Is Abenomics working? For Japanese Prime Minister Shinzo Abe, there were early signs of success for his economic recovery plan: The yen started to fall, for instance, while the stock market began to rise. Economic growth for the second quarter came in at a healthy 3.8 percent, and the trade ministry today said industrial production is likely to show month-on-month growth of 4.7 percent in October.
The key breakthrough in the long war against deflation, though, will come with growth in wages, as more income will translate into greater willingness of Japanese consumers to spend. The prime minister told lawmakers this month that his goal is to create a “virtuous circle” of rising wages and employment that leads to greater consumption and investment. As part of the campaign to lift wages, Abe’s government last month even started talks with business and union leaders. “The key for the success of Abenomics is whether companies will raise wages,” Norio Miyagawa, a senior economist at Mizuho Securities Research & Consulting in Tokyo, told Bloomberg News.
By that measure, today was a setback for Abe. Despite his use of the bully pulpit, wages are still falling. According to the Japanese labor ministry, regular wages (excluding overtime and bonuses) fell yet again in September, dropping 0.3 percent. “Companies still aren’t confident enough that growth will be sustained and will probably hesitate to raise wages, especially base salaries, for the time being,” Miyagawa said.
The news wasn’t all bad. The housing market is rebounding, as starts in September increased 19.4 percent from a year earlier, the government announced today. That’s better than the median 12 percent expected by two dozen analysts surveyed by Bloomberg and marks the 13th straight month of improvement.
The mixed picture—improvement here, disappointment there—isn’t limited to the economic data. Japan’s electronics sector is in flux, too, as seen by the contrasting fortunes of its two most important companies: Sony and Panasonic.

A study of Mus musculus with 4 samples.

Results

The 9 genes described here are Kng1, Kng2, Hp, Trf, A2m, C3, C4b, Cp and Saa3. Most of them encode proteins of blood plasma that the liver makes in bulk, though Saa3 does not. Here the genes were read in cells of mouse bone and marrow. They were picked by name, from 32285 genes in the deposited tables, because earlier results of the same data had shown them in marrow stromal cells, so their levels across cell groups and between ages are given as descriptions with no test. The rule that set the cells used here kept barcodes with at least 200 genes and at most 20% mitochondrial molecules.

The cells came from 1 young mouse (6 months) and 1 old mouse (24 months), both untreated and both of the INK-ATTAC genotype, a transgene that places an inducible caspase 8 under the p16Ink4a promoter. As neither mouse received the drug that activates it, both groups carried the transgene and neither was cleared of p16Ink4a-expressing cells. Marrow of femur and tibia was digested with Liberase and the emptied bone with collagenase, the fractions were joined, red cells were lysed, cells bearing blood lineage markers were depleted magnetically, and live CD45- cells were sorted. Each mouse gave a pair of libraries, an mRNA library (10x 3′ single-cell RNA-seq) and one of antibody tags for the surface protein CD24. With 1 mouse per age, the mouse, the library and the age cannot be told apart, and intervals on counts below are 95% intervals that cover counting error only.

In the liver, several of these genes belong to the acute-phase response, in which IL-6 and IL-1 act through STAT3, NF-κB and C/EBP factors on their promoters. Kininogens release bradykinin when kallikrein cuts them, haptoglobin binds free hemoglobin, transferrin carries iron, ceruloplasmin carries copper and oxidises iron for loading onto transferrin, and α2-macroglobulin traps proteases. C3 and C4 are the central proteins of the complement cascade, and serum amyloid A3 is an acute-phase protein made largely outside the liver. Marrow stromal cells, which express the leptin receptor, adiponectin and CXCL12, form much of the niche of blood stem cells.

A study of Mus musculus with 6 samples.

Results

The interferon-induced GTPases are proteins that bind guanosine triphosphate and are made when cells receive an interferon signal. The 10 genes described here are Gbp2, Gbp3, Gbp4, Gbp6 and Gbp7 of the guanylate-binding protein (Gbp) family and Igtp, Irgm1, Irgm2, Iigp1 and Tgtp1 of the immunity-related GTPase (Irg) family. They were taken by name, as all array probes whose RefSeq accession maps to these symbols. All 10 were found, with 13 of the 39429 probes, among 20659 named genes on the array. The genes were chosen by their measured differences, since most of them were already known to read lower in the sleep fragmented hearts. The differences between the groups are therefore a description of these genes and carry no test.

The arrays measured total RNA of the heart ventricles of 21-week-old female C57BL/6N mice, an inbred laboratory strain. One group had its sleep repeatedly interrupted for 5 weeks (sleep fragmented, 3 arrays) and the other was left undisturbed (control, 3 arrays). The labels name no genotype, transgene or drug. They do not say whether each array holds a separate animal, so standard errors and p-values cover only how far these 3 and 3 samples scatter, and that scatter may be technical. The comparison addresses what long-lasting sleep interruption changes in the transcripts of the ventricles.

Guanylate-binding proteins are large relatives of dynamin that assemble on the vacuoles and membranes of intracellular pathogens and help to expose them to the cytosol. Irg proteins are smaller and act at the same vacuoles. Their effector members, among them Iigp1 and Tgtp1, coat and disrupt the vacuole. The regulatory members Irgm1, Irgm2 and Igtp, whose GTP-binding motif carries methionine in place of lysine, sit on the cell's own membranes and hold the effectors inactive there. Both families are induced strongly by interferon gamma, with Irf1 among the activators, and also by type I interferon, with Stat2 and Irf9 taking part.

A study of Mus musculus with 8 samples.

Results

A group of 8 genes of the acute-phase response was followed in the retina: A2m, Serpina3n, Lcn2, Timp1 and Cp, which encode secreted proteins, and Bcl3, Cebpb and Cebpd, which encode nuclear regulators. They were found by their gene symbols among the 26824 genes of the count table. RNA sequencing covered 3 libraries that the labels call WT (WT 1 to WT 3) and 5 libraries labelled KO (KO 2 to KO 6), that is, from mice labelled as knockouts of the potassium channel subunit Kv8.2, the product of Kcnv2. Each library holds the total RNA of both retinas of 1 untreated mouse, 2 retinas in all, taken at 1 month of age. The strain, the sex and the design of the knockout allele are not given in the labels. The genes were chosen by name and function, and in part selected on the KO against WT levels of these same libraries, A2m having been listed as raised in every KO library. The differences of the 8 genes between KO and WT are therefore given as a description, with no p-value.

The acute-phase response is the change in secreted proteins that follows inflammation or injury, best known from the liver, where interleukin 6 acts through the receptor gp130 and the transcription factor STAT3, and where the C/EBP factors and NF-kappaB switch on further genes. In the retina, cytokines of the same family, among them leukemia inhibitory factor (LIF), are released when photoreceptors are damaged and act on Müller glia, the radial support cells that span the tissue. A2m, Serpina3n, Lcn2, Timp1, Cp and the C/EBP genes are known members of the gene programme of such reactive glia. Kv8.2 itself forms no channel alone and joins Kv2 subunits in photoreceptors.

Sony today slashed its earnings forecast by 40 percent, as the Tokyo-based company continues to struggle in what seems to be a futile attempt to turn around its ailing television business. As recently as August, Sony was expecting profit of 50 billion yen ($509 million) for the fiscal year ending in March 2014, but today the company said in a statement that earnings would be just 30 billion yen.
The picture is much brighter at Sony’s biggest local rival. Panasonic, like Sony, hasn’t been able to keep up with Korean competitors Samsung Electronics and LG Electronics or low-cost Chinese producers. Unlike Sony, however, Panasonic has decided to cut its losses and shift away from its television business, focusing instead on newer sectors with more growth potential.
That’s paying off for Panasonic, with the company announcing yesterday it stands to make as much as $7 billion selling lithium batteries to Tesla Motors, Elon Musk’s maker of high-end electric cars. Panasonic expects to earn 100 billion yen in the year ending in March, the company announced today, up from its previous estimate of 50 billion yen.